GODLIB FISHER, a practical farmer, whose home is on section 7, Lima Township, is one of the honored veterans of the late war. He is one of a family of four sons and four daughters, whose parents were John and Mary (Shiller) Fisher. The father was a mechanic and carpenter by trade, and followed contracting and building extensively. He was thoroughly educated in the German language, and was a participant to several of the most important battles of the Franco-German War of 1812, fighting against the Emperor Napoleon in the German army. he was severely wounded in the right foot and left leg. For his bravery he was presented with a beautiful silver medal by the King of Wurtemberg. This medal is now in the possession of our subject. There is only one sister of the family living, Louisa, wife of Andrew Gunter, who resides near Sandusky, Ohio.
Godlib Fisher set sail from Havre, France, with his parents in 1834, and was thirty-six days on the ocean in the good ship "France Age Steppo." On landing in New York, they proceeded to Buffalo, where the Government tried to press the father into the service. However, he continued his journey as far as Sandusky, Ohio, near which he entered fifty acres of land in the thick forest. The country was sparsely settled, and Indians and wild animals were abundant. The parents died on this homestead, the father at the age of seventy-three years, and the mother in her eightieth year.
On coming to America, our subject was a child of seven years, and his youth was spent in the wilderness, engaging in clearing and improving his father's farm. He received a fair English and German education, and continued under the parental roof until twenty-three years of age. His first active business for himself was in Sandusky, where he obtained employment in the depot warehouse, where he remained for some three years. Then returning to the old farm, he operated it for a year, but as it did not seem profitable he decided to return to his former employment, but, in Sandusky, he met a friend, who said, "Let us go West and buy a farm." Accordingly, with five of his comrades, he came to Sheboygan County.
Ere leaving the Buckeye State, Mr. Fisher married Miss Lena Crysinger, their union being celebrated March 22, 1853. The lady was born in Germany, February 5, 1832, and has become the mother of six sons and three daughters. The seven following are living: John, who is married and is a successful farmer in Clark County, Wis.; George, who also married and is engaged in farming in the came county; Henry and Gottleib, at home; Louisa, the wife of Harmon Trutschell, a prosperous farmer of Lima Township; and Mary and Lena, who live with their parents. The children have all been given good educations, and the two elder boys are farming on land given them by our subject. To each one he gave eighty acres of land, with a good residence, necessary buildings and farming implements. Mrs. Fisher has been a valuable helpmate to her husband, aiding him in every possible way.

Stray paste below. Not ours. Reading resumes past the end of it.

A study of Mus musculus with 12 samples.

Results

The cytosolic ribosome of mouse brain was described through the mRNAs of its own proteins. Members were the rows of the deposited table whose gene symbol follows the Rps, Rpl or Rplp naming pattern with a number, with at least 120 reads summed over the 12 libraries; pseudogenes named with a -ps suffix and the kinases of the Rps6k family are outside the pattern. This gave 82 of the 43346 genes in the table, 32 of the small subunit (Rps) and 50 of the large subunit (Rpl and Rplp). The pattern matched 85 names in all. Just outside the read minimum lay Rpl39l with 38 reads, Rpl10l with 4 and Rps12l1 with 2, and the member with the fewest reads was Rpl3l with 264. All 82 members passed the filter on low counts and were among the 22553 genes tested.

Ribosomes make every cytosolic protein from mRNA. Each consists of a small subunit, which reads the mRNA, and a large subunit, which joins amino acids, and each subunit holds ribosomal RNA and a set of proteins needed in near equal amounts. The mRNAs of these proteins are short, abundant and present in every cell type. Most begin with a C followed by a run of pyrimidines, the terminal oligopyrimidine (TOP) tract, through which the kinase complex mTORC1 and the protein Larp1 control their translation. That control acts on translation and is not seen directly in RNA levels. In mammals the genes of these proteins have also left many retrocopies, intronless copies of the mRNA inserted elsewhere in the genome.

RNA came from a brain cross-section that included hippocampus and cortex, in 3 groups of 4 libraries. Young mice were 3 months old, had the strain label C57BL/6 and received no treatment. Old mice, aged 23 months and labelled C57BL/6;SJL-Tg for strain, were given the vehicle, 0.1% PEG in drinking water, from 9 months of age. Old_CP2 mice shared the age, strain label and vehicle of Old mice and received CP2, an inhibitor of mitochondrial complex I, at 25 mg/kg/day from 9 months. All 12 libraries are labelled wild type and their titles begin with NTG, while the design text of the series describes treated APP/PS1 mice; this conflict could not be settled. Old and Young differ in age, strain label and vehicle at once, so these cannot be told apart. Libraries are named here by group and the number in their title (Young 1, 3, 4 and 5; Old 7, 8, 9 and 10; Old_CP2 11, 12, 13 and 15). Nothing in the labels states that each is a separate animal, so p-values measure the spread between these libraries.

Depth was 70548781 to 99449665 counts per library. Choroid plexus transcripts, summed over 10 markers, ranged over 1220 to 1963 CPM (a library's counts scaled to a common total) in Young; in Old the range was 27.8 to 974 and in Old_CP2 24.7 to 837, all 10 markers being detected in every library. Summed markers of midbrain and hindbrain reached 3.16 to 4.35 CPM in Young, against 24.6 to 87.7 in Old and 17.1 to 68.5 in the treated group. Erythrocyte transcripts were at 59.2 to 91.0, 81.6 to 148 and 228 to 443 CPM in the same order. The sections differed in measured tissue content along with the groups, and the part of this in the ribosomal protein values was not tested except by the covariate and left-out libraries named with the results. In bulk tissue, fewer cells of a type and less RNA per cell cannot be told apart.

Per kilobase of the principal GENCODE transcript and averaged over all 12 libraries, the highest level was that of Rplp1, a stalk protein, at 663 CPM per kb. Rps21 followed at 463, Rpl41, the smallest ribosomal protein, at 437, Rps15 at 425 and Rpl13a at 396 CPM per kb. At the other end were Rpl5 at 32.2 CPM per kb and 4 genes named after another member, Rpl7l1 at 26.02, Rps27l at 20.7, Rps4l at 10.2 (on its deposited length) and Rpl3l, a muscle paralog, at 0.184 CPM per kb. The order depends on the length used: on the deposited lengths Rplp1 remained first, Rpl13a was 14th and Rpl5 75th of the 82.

One of the brave boys who came to his country's aid in her time of peril was our subject, who enlisted in Company F, Thirty-seventh Wisconsin Infantry, in 1864, and served until the close of the war. He was ordered at once to Fortress Monroe, then to City Point, and thence into the hottest of the battle near Petersburgh, Va. On the 25th of March, 1865, he was present at the hard-fought battle of Ft. Stedman. On the 2d of the following April he was in the terrible battle at Ft. Mahon, where many of his comrades met death. An incident related by Mr. Fisher shows one of his own narrow escapes. He was sitting in his tent writing a letter, when a shell came rolling near his feet. It stopped only a short distance from him, and there exploded, but as he had instantly thrown himself flat on the ground, he escaped without injury. His regiment was later placed to guard a railroad until the surrender of Gen. Lee, at which time they were only four miles from Richmond. They took part in the Grand Review at Washington, one of the greatest military displays ever witnessed, after which they were discharged at Finleytown, four miles from Washington, and their final discharge papers were received in Madison, Wis. Our subject was a faithful soldier during his term of service, and was never absent on a furlough. In the battle of Ft. Mahon he received a flesh wound in the right leg.
In 1863, Mr. Fisher became the owner of one hundred and twenty acres in Lima Township, and has himself made every improvement upon the farm. He has a beautiful residence, substantial barns and outbuildings, and the thrifty appearance of everything denotes that the owner is one of the model farmers of this section. He is a Republican in politics, but was formerly a Whig. He was Township Supervisor for two terms, and is a man who always upholds the best measures and is firm in his convictions. He has been recognized as a man of honor, and has saved his township much money. The cause of education is warmly supported by him, and, religiously, he and his wife are adherents of the Methodist Church.